Asia Briefing: Ireland can win by backing China’s renminbi currency

More resources needed to promote Ireland’s financial sector in Asia


The widely anticipated internationalisation of the Chinese currency the renminbi, which is denominated in yuan, presents significant opportunities for the Republic, especially in asset management, where the State has a lot to offer as a conduit for raising capital using a fund structure such as undertakings for collective investment in transferable securities UCITS.

China is expected to make the yuan convertible in some form as early as next year, eventually putting it on a par with the dollar, and it has pledged to support offshore yuan hubs as it encourages greater international use of its currency.

Ireland accounts for 43 per cent of all hedge fund assets administered in the world, administers over a third of all exchange-traded funds (ETFs) in Europe and has been the fastest growing UCITS centre for three years in a row.

However, communicating this story to the Chinese industry has been a challenge.

The Irish Funds Industry Association (IFIA) and IDA Ireland are doing their best to win potential business here, but there is a need for Ireland to better resource efforts to boost the State’s competitive advantage against other domiciles such as Luxembourg.

Senior representatives from the fund management side of McCann FitzGerald and PricewaterhouseCoopers (PwC) were in Hong Kong and Shanghai this month looking at the sector and they came away enthusing about the opportunities.

“If Ireland gets even a small part of this effort to internationalise the Chinese industry, this is a huge opportunity. If the political will is there and the Irish financial services industry is behind the idea, Ireland could become a centre for renminbi-based transactions and investment funds,” said McCann FitzGerald chairman John Cronin.

“Fund managers in Asia are looking to buy their way into European asset managers and Europe funds. They are looking to them to share their asset base,” he added.

Andrew O’Callaghan, asset management partner and deputy foreign direct investment leader at PwC Ireland, said additional resources were required: “Hong Kong and China companies are positioning for outward growth and if Ireland isn’t prominent, we will miss out. Our offering is good and chimes with the desire for stability. For a relatively small investment we’ve done very well and there are enough positive signs that we can compete; and this trip confirms that.”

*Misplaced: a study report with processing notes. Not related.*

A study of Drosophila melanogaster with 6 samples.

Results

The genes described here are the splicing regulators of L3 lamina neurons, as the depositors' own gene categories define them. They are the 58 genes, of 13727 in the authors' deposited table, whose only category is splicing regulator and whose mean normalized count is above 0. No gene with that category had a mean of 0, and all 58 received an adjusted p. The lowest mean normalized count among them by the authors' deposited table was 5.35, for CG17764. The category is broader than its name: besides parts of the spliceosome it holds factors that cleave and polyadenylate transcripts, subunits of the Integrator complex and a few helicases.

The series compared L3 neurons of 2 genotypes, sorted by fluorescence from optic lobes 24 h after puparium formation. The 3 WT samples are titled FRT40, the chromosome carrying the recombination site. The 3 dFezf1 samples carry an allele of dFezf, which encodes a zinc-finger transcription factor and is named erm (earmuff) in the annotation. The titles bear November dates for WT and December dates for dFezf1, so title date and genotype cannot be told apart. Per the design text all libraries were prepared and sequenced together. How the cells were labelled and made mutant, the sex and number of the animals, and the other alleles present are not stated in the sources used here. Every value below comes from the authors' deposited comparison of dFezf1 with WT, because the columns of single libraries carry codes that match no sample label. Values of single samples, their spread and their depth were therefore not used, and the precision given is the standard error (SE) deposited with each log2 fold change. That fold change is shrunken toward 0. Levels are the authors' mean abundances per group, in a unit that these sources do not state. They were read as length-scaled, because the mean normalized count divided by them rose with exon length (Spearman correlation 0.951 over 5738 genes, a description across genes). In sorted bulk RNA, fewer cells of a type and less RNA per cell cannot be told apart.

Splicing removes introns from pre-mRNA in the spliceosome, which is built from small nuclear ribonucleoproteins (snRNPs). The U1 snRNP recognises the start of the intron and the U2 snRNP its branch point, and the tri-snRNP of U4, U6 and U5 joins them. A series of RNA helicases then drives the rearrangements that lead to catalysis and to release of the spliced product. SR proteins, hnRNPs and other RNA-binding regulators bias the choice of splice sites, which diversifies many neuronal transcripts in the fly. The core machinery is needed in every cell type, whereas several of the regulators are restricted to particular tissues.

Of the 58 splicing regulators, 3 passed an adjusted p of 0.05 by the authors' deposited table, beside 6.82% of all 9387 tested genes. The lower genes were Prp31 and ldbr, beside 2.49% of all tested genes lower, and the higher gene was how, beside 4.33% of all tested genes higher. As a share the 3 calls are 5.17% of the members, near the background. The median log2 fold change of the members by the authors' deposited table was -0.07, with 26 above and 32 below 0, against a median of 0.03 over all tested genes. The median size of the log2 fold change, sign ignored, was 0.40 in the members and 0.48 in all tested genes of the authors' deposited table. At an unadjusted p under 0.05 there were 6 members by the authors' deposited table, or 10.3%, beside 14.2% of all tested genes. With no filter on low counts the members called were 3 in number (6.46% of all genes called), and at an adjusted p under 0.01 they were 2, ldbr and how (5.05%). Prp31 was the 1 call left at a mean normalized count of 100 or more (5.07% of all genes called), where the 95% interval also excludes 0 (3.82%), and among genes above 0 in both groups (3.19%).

Under-resourced representation
He was struck by how under-resourced Ireland’s representation is: “The Government needs to know that other countries are being represented at a very senior level. It would concern us that the level of resourcing has to be increased. People are hearing more from other jurisdictions.”

Ireland’s great asset-management rival, Luxembourg, has been far more aggressive in courting business in the territory. The Association of the Luxembourg Fund Industry opened a permanent office in Hong Kong in 2010 – the launch was attended by Hong Kong’s treasury secretary and Luxembourg’s finance ministry, and senior finance industry representatives are regular visitors.

In contrast, the representative office of the IFIA in Hong Kong is a joint initiative between the association and the Irish Chamber of Commerce, and the local representative is Conor O’Mara, who is a managing director at Jefferies.

While O’Mara is recognised as doing tireless work, organising events, meeting asset managers, publishing a newsletter and travelling in China promoting the IFSC, the financial crisis has put Ireland’s fund industry in a difficult position. Hong Kong fund managers say how they hear from Luxembourg-based funds that Ireland is somehow below an acceptable investment grade.

Mark White, head of McCann FitzGerald’s funds and asset management group, said the State’s success in attracting aircraft leasing companies from Asia was a useful model for the fund industry.

“But we need a dedicated person on the ground. The next three or four years are crucial and we can’t let the opportunity pass. People are more focused on where they are putting their funds. There is no downside to this at all. When you meet the players, a lot are very interested in what you have to say,” he said.

Among the measures being kicked around is upgrading Hong Kong’s consulate, currently an honorary consulate, to permanent mission, and that the consul would be one with a strong financial services background.